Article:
The Hobbit: The Battle of the Five Armies (2014)
Reviewer: Charity Bishop
I was a bit skeptical heading into this trilogy, because it's a stretch to take a short children's book and transform it into a nine hour saga. But I loved nearly everything about this final installment. It has more heart than the first two films combined and its smaller moments are actually those that stick with you long after the sounds of battle and the glamour of a thousand elves in perfect synchronization have faded. It's a solid film and a perfect ending to the saga.
The immense dragon Smaug lays waste to the town on the banks of the river. With Bard (Luke Evans) trapped in a prison cell and his guards making a run for it, it seems there is no one to defend against the dragon. The elf Tauriel (Evangeline Lily) is trying to get survivors out. And in the mountain, all the dwarves can do is watch and wait ... while Thorin (Richard Armitage) slowly goes insane from dragon fever. The mountains of gold piled inside the ancient towers possess an unusual hold over the young dwarf king, who becomes obsessed with obtaining the Arkenstone, the heart of the mountain and his birthright. The hobbit Bilbo (Martin Freeman) withholds it from him, fearing that it will increase his madness and turn him even more to the darkness ... but it may be too late. Thorin's emotions are shifting to paranoia and distrust, and bordering on violence.
The elf-queen Galadriel (Cate Blanchett) mounts an assault on an ancient fallen fortress to rescue Gandalf (Ian McKellen), not realizing her presence will stir an ancient evil from its sleep. And once the dragon is felled through an act of courage, word of his defeat spreads across Middle-earth, arousing the interest of the elf-king Thranduil (Lee Pace), who greatly desires a certain box of gems under the mountain, and the interest of the rising orc-armies, who see the mountain fortress as an important vantage point in their increasing desire for war. Before long, five armies converge, forces align, enemies arise, friendships are forged, and the first battle against the creeping darkness begins.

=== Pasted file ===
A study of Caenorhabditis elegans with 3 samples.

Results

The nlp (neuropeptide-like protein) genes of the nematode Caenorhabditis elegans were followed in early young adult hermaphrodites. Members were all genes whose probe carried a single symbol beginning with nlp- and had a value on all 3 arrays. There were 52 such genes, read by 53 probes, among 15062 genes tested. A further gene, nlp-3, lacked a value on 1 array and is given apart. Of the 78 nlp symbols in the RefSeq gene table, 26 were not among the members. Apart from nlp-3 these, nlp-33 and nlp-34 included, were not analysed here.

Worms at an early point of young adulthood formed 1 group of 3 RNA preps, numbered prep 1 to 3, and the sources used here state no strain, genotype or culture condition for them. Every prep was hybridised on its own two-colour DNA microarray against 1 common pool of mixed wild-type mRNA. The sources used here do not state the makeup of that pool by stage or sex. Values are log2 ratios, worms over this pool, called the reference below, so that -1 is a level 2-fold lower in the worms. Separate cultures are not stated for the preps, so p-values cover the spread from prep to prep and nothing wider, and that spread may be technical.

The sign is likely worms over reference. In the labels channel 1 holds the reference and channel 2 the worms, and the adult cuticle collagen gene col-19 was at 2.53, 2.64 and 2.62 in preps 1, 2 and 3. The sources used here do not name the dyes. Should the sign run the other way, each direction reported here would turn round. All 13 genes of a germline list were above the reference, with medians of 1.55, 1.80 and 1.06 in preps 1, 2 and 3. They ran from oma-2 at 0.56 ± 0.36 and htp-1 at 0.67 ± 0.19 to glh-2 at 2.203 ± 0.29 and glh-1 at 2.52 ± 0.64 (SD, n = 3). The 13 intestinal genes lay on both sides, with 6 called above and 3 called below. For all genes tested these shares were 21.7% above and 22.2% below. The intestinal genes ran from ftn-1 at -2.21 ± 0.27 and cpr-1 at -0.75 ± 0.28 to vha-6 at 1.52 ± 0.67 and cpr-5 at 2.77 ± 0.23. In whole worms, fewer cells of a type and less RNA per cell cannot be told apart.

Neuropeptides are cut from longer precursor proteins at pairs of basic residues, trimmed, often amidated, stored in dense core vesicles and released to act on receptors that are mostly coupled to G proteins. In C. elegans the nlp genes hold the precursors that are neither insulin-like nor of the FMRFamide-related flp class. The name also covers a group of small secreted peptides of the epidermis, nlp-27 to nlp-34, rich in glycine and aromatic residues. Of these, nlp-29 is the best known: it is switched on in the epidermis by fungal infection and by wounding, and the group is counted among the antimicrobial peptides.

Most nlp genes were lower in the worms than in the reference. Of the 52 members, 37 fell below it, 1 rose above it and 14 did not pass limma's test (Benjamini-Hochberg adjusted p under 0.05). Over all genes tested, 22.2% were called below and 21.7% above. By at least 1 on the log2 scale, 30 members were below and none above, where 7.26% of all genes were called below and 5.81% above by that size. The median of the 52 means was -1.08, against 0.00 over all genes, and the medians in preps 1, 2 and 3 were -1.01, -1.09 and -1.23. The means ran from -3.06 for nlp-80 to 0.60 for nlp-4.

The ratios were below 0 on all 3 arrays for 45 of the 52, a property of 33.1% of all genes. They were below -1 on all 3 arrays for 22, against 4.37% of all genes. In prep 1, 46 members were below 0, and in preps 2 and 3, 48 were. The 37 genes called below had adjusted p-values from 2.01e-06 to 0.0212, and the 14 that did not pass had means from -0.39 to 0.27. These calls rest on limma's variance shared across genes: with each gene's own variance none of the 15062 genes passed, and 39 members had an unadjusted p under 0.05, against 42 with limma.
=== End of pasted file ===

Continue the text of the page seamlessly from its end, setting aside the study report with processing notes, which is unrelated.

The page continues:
Plot threads are wrapped up, old faces return for brief exchanges,
Legolas (Orlando Bloom) reminds us yet again of his mad skills, and the
groundwork is laid for the impending events of The Lord of the Rings.
I had some idea of what to expect and the director more than delivered
it, throwing in some emotional upheavals and moments that make this film
stronger than either of the two preceding it. At last, we see a true
bond forged, tested, wearied, and then remade between Thorin and Bilbo.
More than that, we see elven alliances tested and unearth the reason for
Thranduil's distaste for war. We bid tearful farewells to friends we
have made, and sniffle a bit more at reconciliations. Yes, it is flawed.
The romance between an elf and a dwarf continues to be silly, but leads
to a magnificent moment between Thranduil and Tauriel that broke my
heart. The pacing is better than its predecessor but the battle scenes
still go on for too long; but this time I didn't mind. It brings us full
circle, back to the beginning ... from the burning town on a lake to the
comforts of Bag End. I feel that, alongside Bilbo, I have been on a
grand adventure. I'm merely sorry it has to end.
Several uses of "buggars" and one of "bastards."
Orcs, men, dwarves, and elves do battle with one another, with enormous casualties. A full 45 minutes of battle scenes in which characters are stabbed, shot with arrows, orcs are beheaded, etc. Several main characters engage in brutal hand to hand combat; other main characters are stabbed and die.
Galadriel uses immense power that alters her appearance into that of a dark force, to dispel an ancient evil from a castle; Saruman uses magic to fend off evil.